Vietnam vows change to build modern economy

Vietnam's Communist Party congress Vietnam's new leadership will have to deal with high inflation and a budget deficit


Outgoing party leader Nong Duc Manh said the economy must be restructured to speed up modernisation.

Vietnam is aiming in the next 10 years to become an industrialised country.

However, it has recently been beset by inflation, a trade deficit and the near-bankruptcy of the state-owned shipbuilding conglomerate, Vinashin.

Some 1,400 delegates opened the meeting in Hanoi with the singing of the Communist anthem, the Internationale.

The main task of the congress is to choose new leaders for the party - a new central committee with 200 members will be selected at the end of the nine day gathering.


Vietnam is used to growing fast - it has been on the up for 25 years, ever since the government started to mix its socialist ideology with market-based economics.

Today, fancy cars negotiate the narrow streets of its capital. But for most, prices are going up - inflation at 12% is hitting the poor the hardest as the wealth gap widens. The economy is wobbling. Confidence in the currency is low and Vietnam's deficit is growing.

Some of the huge, state-owned enterprises, which were designed to drive growth forward as big business did in South Korea, have moved too far too fast and are now facing financial problems.

Vinashin, the state's ship-builder, has just defaulted on a loan, the country's credit-rating has been downgraded, and investors are asking just how safe their money might be.

Opinion is divided over where the country is now heading. Optimists believe the growth will continue whatever, and some well-placed policies are all that is needed to repair what is really just a crisis of confidence.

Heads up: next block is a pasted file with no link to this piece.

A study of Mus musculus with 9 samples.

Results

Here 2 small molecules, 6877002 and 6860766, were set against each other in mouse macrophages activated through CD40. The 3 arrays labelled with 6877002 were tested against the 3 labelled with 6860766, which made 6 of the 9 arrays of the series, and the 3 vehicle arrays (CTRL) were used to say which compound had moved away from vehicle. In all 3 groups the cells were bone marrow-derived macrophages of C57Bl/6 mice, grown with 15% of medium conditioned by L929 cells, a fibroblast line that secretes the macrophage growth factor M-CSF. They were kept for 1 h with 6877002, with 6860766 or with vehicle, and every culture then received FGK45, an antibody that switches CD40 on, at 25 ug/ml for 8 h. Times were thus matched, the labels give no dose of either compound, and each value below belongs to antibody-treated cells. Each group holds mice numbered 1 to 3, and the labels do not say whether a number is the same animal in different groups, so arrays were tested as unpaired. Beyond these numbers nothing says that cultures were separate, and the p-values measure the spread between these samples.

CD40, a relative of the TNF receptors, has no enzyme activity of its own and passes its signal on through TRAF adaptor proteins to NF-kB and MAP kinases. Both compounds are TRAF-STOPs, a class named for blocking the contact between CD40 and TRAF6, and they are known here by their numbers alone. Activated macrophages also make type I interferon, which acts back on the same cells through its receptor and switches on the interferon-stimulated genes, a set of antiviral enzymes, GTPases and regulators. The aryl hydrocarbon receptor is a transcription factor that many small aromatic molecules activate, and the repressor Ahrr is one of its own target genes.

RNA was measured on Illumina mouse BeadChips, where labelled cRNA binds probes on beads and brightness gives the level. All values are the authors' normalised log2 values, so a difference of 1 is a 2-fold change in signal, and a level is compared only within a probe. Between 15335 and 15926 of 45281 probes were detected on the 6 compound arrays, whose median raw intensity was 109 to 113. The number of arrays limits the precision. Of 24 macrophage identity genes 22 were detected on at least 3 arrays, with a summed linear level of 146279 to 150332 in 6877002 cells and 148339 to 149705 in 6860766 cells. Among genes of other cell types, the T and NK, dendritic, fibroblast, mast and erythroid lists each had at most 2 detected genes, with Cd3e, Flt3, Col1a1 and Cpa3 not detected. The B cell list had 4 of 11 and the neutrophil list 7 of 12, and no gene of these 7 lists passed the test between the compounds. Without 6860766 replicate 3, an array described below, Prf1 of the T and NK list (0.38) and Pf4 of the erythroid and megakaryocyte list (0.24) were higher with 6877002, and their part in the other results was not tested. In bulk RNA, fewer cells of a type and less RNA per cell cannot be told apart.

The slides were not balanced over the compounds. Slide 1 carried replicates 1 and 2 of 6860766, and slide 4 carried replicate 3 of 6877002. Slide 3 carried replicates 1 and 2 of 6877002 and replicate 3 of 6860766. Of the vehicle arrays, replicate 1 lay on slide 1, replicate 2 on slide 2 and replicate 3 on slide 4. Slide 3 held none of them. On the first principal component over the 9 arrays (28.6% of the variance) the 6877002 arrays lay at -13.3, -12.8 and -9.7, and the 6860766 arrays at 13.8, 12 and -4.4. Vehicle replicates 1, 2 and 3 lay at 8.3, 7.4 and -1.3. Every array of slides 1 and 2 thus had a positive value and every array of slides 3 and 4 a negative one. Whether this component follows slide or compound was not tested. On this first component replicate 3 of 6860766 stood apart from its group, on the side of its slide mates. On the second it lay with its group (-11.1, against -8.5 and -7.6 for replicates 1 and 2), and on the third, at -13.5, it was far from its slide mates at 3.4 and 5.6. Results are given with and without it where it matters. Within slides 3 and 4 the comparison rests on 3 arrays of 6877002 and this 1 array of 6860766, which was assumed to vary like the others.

The pessimists say big reforms are needed to rethink the way things are done to cut out waste and generate jobs, and to give the vibrant private sector more room to grow.

The delegates' selection will also give some indication of the party's future direction.

The nation must "renew the growth model and restructure the economy to speed up industrialisation and modernisation with fast and sustainable development," Nong Duc Manh told the congress.

"The strategy is to strive towards 2020 so that our country will basically become an industrialised nation."

The Politburo's second-highest ranking member, Truong Tan Sang, who is expected to become the new president, told delegates corruption and mismanagement must be stamped out.

He said some senior party members "lack example in morality and lifestyle, having allowed their wives, children or their staff to abuse power for personal profits."

The BBC's Nga Pham, who is at the congress, says the Communist Party is determined to retain its monopoly on power, but in order to do so, it will need strong, energetic and reform-minded people at the helm.

She says little change in policy is expected at the meeting, but the new leadership will have to find ways to renew old socialist ideas seen by many as impeding economic development.

A socio-economic strategy for the next decade pledges to carry out reforms long sought by foreign investors.

These include the need for a more skilled workforce, better infrastructure, and more efficient state enterprises.